My parents were not social butterflies. They had many friends because they were good friends to others. They were people who always kept their word and always were there to help relatives and friends during the hard times. For me, they were role models of reliability and champions of kindness. They were the friends upon whom you could count, and that notion of friendship was absorbed by me.
I remember one particular incident when I was in my teens that reflected my view of friendship. The rabbi of our local synagogue in Mt. Vernon, New York, would regularly invite people to his home for Friday night dinner and Torah study. We looked forward to it because we enjoyed the learning and the great meal that the rabbi’s wife prepared for us, especially the tasty desserts.
I made up with a friend of mine who lived in a different section of the city to meet him at a specific street and then we would walk together to the rabbi’s house. Early Friday evening it began to snow. I paid no attention to it because I was focused on meeting my friend. When I arrived at the designated meeting point, my friend was not there. I waited an hour for him expecting him to appear, but he didn’t. I eventually went to the rabbi’s home alone. It never occurred to me that the inclement weather would keep my friend away from dinner with the rabbi.
After the Sabbath, I contacted my friend and found out that he assumed that the bad weather meant our meeting was off. I told him that bad weather never influenced me to break my word to a friend. In a short time, I got over my disappointment and I understood my friend’s perspective. Our friendship survived this bump in the road. The incident, however, did reveal to me that people often have different definitions of friendship.
In Tombstone, there is a powerful example of a solid friendship in the relationship between lawman Wyatt Earp and his friend, Doc Holliday. The story begins after Wyatt has successfully cleaned up Dodge City and has relocated to Tombstone, Arizona, to quietly live as a regular citizen. However, a gang of outlaws, known as “the cowboys,” is terrorizing the community with random acts of violence. This eventually leads to the famous gunfight at the OK Corral. Doc Holliday joins Wyatt in the fight because Wyatt is his friend.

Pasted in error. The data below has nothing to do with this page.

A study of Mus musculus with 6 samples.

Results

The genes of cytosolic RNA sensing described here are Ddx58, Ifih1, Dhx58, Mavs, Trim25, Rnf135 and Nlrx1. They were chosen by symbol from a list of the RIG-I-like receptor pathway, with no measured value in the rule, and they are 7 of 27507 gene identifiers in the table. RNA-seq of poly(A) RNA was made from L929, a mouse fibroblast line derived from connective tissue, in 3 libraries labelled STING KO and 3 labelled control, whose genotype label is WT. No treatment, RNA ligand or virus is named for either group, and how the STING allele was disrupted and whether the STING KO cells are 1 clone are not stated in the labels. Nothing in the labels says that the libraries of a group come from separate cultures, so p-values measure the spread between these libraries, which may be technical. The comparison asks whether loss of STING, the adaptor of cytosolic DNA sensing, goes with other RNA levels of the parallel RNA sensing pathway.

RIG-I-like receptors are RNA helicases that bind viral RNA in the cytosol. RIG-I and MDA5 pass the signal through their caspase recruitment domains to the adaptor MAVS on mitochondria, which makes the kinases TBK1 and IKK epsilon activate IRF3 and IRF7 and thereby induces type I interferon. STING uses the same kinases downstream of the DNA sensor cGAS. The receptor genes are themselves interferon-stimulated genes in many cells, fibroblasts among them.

The gunfight on the OK Corral does not end the tyranny of the “cowboys.” There are more shoot-outs to come; and at each one, Doc stands by his friend Wyatt. Wyatt’s ultimate challenge comes from gunslinger Johnny Ringo who is faster on the draw than Wyatt. Here again, it is Doc Holliday who places himself in harm’s way to rescue his friend.
In Doc’s conversation with a friend, Jack Johnson, Jack wonders why Doc puts his own life on the line for Wyatt. Doc responds: “Wyatt Earp is my friend.” Jack then remarks:” Hell, I got lots of friends,” to which Doc answers: “I don’t.” Although this interchange reveals the existential loneliness of Holliday and his desire of human connection, the dialogue always indicates a Talmudic idea of friendship.
The Sages in The Ethics of the Fathers, a classic work of Jewish wisdom literature, tell us to “acquire a friend.” The commentators understand this to mean that we should acquire a friend by helping him, by doing things that make him feel indebted to us. It is not something based only on emotion. We should think of ways to concretize the friendship by doing things for one another that obligate one to the other.
On a purely visceral level, Tombstone is a violent example of the western movie genre. More important, through its depiction of the relationship of Wyatt Earp and Doc Holliday, it provides an example of deep friendship, an illustration of how far friends should go to help one another.